The markets for goods and services have undergone significant changes over the past 20 years. Regulatory reform, global markets, new technologies and growth in the role of services in economic activity have driven the changes which, in many instances, have provided significant benefits to consumers. Relatively little attention has been paid to the challenges these developments have posed for consumers. More choice and more complexity in many markets have made it increasingly difficult for them to compare and assess the value of products and services. The challenges for consumers have raised similar challenges for the government authorities responsible for protecting them from unfair commercial practices and fraud.
This book examines how markets have evolved and provides insights for improved consumer policy making. It explores, for the first time, how what we have learned through the study of behavioural economics is changing the way policy makers are addressing problems.
About the CONSUMER POLICY toolkit
Download the executive summary
Press release (June 2010)
The OECD Consumer Policy Toolkit examines how markets have evolved and provides insights for improved consumer policy making. It explores, for the first time, how what we have learned through the study of behavioural economics is changing the way policy makers are addressing problems.
The book will find its audience among consumer policy makers and academics.
See also Does more information for consumers lead to better choices? on the OECD Insights blog
For more information, contact us at email@example.com
The Toolkit helps governments to eliminate barriers to competition by providing a method for identifying unnecessary restraints on market activities and developing alternative, less restrictive measures that still achieve government policy objectives.
Policy instruments are being introduced and modified continuously by governments. Attached is a description of initiatives that have been taken by Mexico to promote and protect consumer interests.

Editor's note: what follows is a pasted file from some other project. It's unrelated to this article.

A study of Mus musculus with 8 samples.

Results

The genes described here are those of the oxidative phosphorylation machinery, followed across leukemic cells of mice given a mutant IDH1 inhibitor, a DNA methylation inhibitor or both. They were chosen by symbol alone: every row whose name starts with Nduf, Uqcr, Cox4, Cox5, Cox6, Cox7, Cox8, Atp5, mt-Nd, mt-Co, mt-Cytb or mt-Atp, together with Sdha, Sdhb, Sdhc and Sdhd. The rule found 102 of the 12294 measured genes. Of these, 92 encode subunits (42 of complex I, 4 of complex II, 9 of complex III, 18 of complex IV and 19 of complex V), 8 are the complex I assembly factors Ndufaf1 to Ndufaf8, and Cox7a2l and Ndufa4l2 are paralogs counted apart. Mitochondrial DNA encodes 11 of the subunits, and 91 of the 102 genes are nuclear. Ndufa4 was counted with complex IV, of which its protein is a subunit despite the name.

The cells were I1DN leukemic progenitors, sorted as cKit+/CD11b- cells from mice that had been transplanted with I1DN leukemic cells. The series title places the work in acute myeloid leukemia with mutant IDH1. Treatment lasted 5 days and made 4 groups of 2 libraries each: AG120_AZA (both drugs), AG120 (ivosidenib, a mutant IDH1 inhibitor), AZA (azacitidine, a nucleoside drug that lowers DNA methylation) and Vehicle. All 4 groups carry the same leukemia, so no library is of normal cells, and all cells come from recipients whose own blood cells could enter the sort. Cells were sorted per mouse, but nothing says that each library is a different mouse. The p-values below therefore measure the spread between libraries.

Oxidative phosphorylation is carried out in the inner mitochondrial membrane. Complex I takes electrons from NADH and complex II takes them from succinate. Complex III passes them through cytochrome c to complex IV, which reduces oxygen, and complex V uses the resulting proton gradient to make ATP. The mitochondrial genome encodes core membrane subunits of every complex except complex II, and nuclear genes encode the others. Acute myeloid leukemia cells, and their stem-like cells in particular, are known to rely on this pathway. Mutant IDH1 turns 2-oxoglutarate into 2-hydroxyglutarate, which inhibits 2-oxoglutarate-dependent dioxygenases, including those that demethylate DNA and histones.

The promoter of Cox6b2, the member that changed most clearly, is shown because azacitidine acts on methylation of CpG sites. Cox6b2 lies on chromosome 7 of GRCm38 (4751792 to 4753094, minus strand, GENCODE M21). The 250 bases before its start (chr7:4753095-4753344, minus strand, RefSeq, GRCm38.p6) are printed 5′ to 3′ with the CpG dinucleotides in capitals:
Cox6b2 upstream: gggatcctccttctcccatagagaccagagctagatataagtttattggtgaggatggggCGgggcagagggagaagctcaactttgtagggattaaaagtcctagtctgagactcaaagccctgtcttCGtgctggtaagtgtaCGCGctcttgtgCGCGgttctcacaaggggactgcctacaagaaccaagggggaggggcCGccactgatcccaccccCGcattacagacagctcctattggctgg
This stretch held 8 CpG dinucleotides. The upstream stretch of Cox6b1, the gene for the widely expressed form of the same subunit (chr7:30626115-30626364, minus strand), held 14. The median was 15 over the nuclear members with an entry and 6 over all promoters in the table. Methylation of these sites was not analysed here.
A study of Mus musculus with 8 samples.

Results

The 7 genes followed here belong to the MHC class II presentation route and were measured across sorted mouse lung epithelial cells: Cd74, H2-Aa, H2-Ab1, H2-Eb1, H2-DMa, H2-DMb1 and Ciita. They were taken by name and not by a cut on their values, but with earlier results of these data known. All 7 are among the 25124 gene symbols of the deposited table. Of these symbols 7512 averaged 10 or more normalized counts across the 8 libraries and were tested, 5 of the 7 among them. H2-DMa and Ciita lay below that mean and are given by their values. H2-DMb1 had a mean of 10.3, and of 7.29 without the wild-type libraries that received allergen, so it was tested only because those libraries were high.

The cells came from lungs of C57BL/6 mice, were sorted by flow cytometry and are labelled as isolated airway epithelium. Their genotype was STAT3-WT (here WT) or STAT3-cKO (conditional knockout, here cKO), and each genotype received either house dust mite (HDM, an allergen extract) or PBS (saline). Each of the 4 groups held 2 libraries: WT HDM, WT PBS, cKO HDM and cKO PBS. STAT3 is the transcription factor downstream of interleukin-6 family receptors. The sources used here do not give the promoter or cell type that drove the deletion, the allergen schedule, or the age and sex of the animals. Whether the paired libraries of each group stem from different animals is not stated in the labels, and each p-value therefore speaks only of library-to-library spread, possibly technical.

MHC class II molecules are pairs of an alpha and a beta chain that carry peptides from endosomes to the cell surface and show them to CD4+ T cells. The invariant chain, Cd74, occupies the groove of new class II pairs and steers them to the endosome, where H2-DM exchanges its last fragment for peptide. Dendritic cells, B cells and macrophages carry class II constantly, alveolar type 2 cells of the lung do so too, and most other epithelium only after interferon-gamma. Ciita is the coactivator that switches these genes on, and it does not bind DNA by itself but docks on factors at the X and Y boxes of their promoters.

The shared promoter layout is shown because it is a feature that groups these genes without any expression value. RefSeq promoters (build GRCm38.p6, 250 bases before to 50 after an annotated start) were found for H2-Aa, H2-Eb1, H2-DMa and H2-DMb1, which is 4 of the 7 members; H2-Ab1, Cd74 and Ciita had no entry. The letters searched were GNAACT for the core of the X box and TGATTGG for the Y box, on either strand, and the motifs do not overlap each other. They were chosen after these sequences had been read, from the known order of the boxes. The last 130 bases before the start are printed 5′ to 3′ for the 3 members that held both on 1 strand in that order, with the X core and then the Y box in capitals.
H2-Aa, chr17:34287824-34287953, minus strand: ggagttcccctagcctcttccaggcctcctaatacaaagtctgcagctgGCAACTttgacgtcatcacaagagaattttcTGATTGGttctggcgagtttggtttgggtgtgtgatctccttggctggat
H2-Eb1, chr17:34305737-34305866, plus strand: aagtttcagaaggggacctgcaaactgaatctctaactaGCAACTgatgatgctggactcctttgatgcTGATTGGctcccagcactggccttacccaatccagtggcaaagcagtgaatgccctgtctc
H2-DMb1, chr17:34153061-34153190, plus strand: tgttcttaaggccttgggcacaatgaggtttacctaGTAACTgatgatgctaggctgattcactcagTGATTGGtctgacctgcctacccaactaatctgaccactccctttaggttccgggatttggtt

This report provides an account of the actions the 41 adhering governments have taken over the 12 months to June 2009 to enhance the contribution of the Guidelines to the improved functioning of the global economy. In nine years, the Guidelines have consolidated their position as one of the world's principal corporate responsibility instruments as recently acknowledged at the 2009 OECD Ministerial meeting and G8 l'Aquila Summit. This 2009 edition includes the results of the 2009 OECD Roundtable on Corporate Responsibility entitled "Consumer Empowerment and Responsible Business Conduct".
Consumers today are challenged by growing amounts of information and Policy instrument update: Mexico (2011) wider choices of products, requiring them to develop skills and knowledge for making good choices in complex markets. This publication examines the approaches that governments use to promote consumer education in OECD and some non-OECD countries, highlighting the policies and measures that have been particularly effective. It also analyses recent trends, the role of stakeholders, steps being taken to evaluate the effectiveness of current programmes and the principal challenges.
This report summarises the discussions of the second roundtable, held in October 2006, which again brought together academics and public officials concerned with market failures in markets where competition is deemed effective. It considered the economic theories of information disclosure and focussed on two major industry sectors – telecommunications and financial services. In addition, a proposed programme for further action, including the development of a “toolkit” to guide demand-side policy developments, was introduced.
This report summarises the discussions held at a roundtable hosted by the CCP in October 2005. The roundtable brought together leading academics, senior government officials and consumer representatives from OECD member countries to explore developments in economic research, particularly behavioural economics, focusing on the role played by consumers in relation to the efficiency of markets. Recognising that policy makers have tended to analyse the structure of the market rather than the extent to which consumers' behaviour shapes its outcomes, the Committee explored the extent to which economists' studies of the demand-side of markets might be able to contribute further to consumer policy.